Implications for psychedelic-assisted psychotherapy : a functional magnetic resonance imaging study with psilocybin
R. L. Carhart-Harris, R. Leech, T. M. Williams, D. Erritzoe, N. Abbasi, T. Bargiotas, P. Hobden, D. J. Sharp, J. Evans, A. Feilding, R. G. Wise and D. J. Nutt
British Journal of Psychiatry, 2012, 200, 238-244.
Doi : 10.1192/bjp.bp.111.103309
Psilocybin is a classic psychedelic drug that has a history of use in psychotherapy. One of the rationales for its use was that it aids emotional insight by lowering psychological defences.
To test the hypothesis that psilocybin facilitates access to personal memories and emotions by comparing subjective and neural responses to positive autobiographical memories under psilocybin and placebo.
Ten healthy participants received two functional magnetic resonance imaging scans (2mg intravenous psilocybin v. intravenous saline), separated by approximately 7 days, during which they viewed two different sets of 15 positive autobiographical memory cues. Participants viewed each cue for 6 s and then closed their eyes for 16 s and imagined re-experiencing the event. Activations during this recollection period were compared with an equivalent period of eyes-closed rest. We split the recollection period into an early phase (first 8 s) and a late phase (last 8 s) for analysis.
Robust activations to the memories were seen in limbic and striatal regions in the early phase and the medial prefrontal cortex in the late phase in both conditions (P50.001, whole brain cluster correction), but there were additional visual and other sensory cortical activations in the late phase under psilocybin that were absent under placebo. Ratings of memory vividness and visual imagery were significantly higher after psilocybin (P50.05) and there was a significant positive correlation between vividness and subjective wellbeing at follow-up (P50.01).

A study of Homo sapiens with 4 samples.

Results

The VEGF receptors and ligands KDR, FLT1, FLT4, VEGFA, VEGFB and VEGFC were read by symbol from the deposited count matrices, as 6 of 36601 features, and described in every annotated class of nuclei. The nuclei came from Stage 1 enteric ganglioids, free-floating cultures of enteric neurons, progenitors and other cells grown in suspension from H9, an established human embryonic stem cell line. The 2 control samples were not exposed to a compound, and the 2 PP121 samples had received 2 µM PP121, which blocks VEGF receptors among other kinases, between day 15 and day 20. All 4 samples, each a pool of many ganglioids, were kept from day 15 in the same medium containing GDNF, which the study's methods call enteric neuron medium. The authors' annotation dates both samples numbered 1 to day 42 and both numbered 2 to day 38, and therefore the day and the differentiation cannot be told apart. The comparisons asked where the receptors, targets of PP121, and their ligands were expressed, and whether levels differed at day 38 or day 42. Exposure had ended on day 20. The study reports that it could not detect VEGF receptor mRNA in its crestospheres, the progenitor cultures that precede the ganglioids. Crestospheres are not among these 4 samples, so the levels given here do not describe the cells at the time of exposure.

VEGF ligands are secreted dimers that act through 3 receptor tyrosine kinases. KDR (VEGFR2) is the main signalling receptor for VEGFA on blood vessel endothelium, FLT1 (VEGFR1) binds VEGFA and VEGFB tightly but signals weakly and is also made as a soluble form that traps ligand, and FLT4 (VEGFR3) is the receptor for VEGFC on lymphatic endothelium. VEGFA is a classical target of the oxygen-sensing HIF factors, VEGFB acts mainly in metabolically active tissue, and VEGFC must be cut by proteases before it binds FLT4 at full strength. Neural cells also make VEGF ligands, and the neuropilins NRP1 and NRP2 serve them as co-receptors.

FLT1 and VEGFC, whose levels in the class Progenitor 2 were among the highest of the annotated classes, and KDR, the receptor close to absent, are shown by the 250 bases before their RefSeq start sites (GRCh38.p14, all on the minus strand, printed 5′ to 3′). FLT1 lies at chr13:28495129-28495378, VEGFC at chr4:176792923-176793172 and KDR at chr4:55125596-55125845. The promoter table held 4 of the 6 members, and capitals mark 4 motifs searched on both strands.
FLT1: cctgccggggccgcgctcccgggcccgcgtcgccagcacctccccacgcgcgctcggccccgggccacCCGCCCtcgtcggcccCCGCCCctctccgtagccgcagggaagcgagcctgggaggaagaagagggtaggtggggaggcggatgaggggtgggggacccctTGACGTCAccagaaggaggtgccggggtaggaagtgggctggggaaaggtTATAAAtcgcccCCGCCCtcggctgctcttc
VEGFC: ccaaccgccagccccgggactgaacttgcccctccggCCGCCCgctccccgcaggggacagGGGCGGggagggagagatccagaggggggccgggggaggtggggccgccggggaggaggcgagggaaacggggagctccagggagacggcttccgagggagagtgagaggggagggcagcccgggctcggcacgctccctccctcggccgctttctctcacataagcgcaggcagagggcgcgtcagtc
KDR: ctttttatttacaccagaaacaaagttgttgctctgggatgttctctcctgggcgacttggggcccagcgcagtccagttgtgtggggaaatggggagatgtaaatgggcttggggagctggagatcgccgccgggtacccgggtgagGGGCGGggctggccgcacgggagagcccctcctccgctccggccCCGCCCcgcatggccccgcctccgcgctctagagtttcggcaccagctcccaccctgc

Evidence that psilocybin enhances autobiographical recollection implies that it may be useful in psychotherapy either as a tool to facilitate the recall of salient memories or to reverse negative cognitive biases.
Psilocybin is a classic psychedelic (‘mind-manifesting’) drug, pharmacologically related to the prototypical psychedelic, lysergic acid diethylamide. Psychedelic drugs were used extensively in psychotherapy in the 1950s to lower psychological defences and facilitate emotional insight.1 In cognitive terms, the ‘lowering of defences’ may be thought of as a decrease in top-down emotional control. There are several reports in this literature of spontaneous autobiographical recollections or ‘relivings’ under psychedelics2 – similar in some respects to the dream-like sequences seen on stimulation of the medial temporal lobes3 or to the flashback phenomena seen in post-traumatic stress disorder (PTSD).4 In a previous psilocybin functional magnetic resonance imaging (fMRI) study by our group,5 one individual reported a striking reliving under the drug, further motivating us to test this phenomenon in a controlled manner. We also observed large decreases in resting state activity in the medial prefrontal cortex after psilocybin.5 The medial prefrontal cortex is known to exert top-down inhibitory control over limbic activity,6 so a psilocybin-induced deactivation of the medial prefrontal cortex – leading to a disinhibition of limbic activity – may explain the occurrence of spontaneous recollections in the psychedelic state.
Thus, the present study sought to test the hypothesis that psychedelic drugs facilitate autobiographical recollection, using psilocybin and a blocked fMRI paradigm involving personal memory cues. Spontaneous relivings under psychedelics are often explicitly linked to past traumata;2 however, we used only positive memory cues in order to minimise the risk of adverse reactions. We predicted that psilocybin would augment subjective and neural responses to personal memories. Based on previous studies implicating medial temporal and visual association regions in vivid autobiographical recollections,7–9 we predicted that psilocybin would increase activations in these specific regions.